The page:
When I was pregnant with my son, I envisioned a life of adventure. Where he and I, side by side, would set out on quests that would take us to places far and wide. We would sight-see our way through big cities, visit historic monuments, eat like the natives and have a passport stamped with amazing memories.
At six-months-old, I put Kellan on his first plane ride to visit family and friends in NYC (we lived in Los Angeles at the time). Then three months later, we were off again, this time we were moving our lives across the country, back to New York. He was great both times, and I felt like that vision I had of traveling together was coming true.
Then, two years passed (2014), and Autism paid our small family a visit. Noise started to become a major pain point. Crowds overwhelmed him. Food choices were limited (still are) and sleep was altered. Structure and heavy planning became our go-to. Visual schedules of what we were going to do that day and for how long, were set in place every time we would leave the house. Traveling anywhere outside of the tri-state area became non-existent. It was at that time that my vision of jet-setting with my son faded away.
Fast forward to the summer of 2017, there we were, walking hand in hand, on a warm summer night. He glanced up, pointed and said: “Mommy look, a plane”. I smiled and asked him: “Where do you think they’re going?”. He replied: “to see Mickey”! I smiled and answered: “Could be, Buddy”. Then out of nowhere, he said: “Mommy, when can we go see Mickey?”. And it was at that moment, where I knew he was ready. We were ready…to set out on our very first quest to the happiest place on earth: Disney World.
That was two years ago. And as I write this, we’re 5 days away from making that vision of mine a reality. It has honestly taken me those two years to save up for the fortune that is Disney World. It was important to me to plan, save and do it right, so while there, he and I want for nothing. I felt I had one chance to make this experience as seamless and effortless (for him at least) as possible. When I say one chance, I mean, if this doesn’t go as planned, and the experience becomes rocky, Autistics store that in their memory bank…forever. So this trip is a pretty big deal, as it sets the precedent for future adventures.
Disney is probably the best choice for our first trip together- especially since I am traveling alone with Kellan. It’s not only short in distance, but Disney really knows and respects Autism. Walt Disney World is well-equipped to handle a variety of guest disabilities. The company’s guest service is legendary, and the Cast Members (staff) are well-trained and eager to assist in any way possible. When I see recent news clips of staff coming to the aide of children with special needs (specifically, Autism), my heart swells. It makes traveling solo less of a worry, for I feel that I will have support while there.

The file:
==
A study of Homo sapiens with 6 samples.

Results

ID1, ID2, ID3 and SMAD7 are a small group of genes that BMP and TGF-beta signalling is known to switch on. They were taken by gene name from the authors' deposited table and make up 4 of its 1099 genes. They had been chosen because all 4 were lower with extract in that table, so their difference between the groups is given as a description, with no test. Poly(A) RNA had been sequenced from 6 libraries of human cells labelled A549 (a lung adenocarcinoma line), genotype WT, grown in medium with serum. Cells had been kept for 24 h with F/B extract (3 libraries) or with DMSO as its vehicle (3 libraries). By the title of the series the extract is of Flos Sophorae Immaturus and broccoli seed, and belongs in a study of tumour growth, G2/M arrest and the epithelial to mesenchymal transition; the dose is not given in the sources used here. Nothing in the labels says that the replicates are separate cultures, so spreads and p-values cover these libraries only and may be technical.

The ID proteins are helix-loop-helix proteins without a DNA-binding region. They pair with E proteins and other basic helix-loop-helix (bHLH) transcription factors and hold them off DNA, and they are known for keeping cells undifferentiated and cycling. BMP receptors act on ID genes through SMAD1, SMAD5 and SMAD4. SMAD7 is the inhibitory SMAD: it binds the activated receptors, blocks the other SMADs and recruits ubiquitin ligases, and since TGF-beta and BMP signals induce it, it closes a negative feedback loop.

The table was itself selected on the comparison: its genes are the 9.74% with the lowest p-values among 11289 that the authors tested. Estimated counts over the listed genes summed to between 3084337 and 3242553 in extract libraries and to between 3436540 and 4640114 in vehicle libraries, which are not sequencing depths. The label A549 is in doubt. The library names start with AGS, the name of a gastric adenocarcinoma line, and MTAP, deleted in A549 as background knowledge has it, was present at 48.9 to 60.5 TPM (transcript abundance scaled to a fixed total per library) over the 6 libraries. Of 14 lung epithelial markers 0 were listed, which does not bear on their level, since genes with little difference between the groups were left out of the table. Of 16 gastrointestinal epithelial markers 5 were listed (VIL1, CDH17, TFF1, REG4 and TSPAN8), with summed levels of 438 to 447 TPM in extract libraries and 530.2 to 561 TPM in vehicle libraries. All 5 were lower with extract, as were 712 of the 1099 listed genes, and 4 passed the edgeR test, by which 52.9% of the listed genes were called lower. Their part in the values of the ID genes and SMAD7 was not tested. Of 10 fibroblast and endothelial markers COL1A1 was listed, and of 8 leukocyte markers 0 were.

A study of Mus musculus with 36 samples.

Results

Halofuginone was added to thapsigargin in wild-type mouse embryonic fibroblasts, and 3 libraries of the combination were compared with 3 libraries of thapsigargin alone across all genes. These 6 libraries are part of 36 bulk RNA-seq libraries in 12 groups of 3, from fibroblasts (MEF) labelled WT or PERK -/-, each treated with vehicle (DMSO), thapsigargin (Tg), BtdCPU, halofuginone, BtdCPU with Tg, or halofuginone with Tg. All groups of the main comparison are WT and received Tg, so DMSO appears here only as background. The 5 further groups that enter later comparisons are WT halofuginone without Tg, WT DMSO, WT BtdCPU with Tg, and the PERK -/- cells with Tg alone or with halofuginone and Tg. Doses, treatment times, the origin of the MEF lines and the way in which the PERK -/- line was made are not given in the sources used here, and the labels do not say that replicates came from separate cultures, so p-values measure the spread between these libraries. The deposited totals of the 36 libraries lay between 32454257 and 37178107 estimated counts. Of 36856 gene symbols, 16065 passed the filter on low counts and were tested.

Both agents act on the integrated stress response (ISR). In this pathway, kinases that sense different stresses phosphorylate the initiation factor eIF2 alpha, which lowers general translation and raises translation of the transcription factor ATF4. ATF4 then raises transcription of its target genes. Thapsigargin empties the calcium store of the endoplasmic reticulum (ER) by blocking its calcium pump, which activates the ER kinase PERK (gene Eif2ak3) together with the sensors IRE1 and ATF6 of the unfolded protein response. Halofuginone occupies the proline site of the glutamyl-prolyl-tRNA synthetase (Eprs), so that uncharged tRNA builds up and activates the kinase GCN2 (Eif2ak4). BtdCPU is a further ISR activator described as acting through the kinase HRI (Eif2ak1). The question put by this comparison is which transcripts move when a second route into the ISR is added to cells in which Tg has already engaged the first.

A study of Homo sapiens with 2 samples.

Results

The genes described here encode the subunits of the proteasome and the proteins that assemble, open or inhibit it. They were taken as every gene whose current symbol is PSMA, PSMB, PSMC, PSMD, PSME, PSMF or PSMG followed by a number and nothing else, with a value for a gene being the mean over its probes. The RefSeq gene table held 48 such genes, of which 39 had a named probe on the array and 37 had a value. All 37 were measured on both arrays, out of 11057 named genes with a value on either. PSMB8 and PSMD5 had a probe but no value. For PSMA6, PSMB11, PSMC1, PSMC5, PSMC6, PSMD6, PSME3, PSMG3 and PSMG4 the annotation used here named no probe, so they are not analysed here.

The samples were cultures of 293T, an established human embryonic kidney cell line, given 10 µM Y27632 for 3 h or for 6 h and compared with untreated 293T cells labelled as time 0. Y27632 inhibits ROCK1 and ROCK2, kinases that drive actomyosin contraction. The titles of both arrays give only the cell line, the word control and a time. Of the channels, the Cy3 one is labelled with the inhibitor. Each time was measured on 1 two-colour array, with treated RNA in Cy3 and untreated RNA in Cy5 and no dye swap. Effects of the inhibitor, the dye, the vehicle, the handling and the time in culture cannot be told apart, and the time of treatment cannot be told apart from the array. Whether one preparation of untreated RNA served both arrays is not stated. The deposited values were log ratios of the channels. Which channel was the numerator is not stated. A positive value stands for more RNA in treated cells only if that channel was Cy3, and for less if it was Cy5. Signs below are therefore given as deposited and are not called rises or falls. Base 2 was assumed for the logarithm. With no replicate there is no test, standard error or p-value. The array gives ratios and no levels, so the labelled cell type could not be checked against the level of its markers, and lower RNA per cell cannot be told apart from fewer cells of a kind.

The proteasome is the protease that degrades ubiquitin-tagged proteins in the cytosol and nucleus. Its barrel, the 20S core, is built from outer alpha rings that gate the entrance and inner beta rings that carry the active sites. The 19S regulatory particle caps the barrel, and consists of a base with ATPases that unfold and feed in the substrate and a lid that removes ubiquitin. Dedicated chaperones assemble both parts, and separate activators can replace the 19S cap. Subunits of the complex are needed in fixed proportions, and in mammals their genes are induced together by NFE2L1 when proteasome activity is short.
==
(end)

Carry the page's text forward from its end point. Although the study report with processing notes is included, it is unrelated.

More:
To say we’re excited is an understatement. To say I am riddled with anxiety, also an understatement. Why? Traveling with Autism and the unpredictability of it all. Plain and simple.
Parents of Autistic children are master planners. We play out scenarios from every which way, and then make a well-thought-out plan for all that can go wrong:
- Kiddo experiences sensory overload while at the park…study the map of Disney like the best damn private eye there is, learning and circling all the special “break areas,” companion-assisted restrooms, and exits.
- Ipad is low on battery…have several battery packs in tow
- Kiddo only eats 3 foods…have them delivered to the hotel
- Turbulence occurs on the plane…pretend it’s a ride by throwing your hands up (and quietly yelling woo-hoo)
- Noisy buses too and from the parks…stay in a ridiculously priced monorail resort
The list of possible scenarios go on for days but as prepared as I am, I know at the end of the day, most of it is out of my control. All I could do is put my faith in The Mouse…and the excited 8-year-old boy who’s eager to meet him.
Send some magical travel vibes our way!
Janis Gaudelli is The Founder of The Daily Feels. She started this passion project to reveal the magic behind storytelling, and how truth-based narratives bring people together in the most heart-warming of ways.
Fascinated by soul, depth, intellect, raw truths and rebellion with a cause. Often captivated by the awe of nature: star gazing, moon manifesting, sunset chasing, waves crashing, crickets singing. Fiercely curious about the inner-workings of the human psyche… she professionally studies human behavior for a living. Forever proud and grateful for being a mom to the force that fuels her life: her 8-year-old son, and greatest professor, Kellan.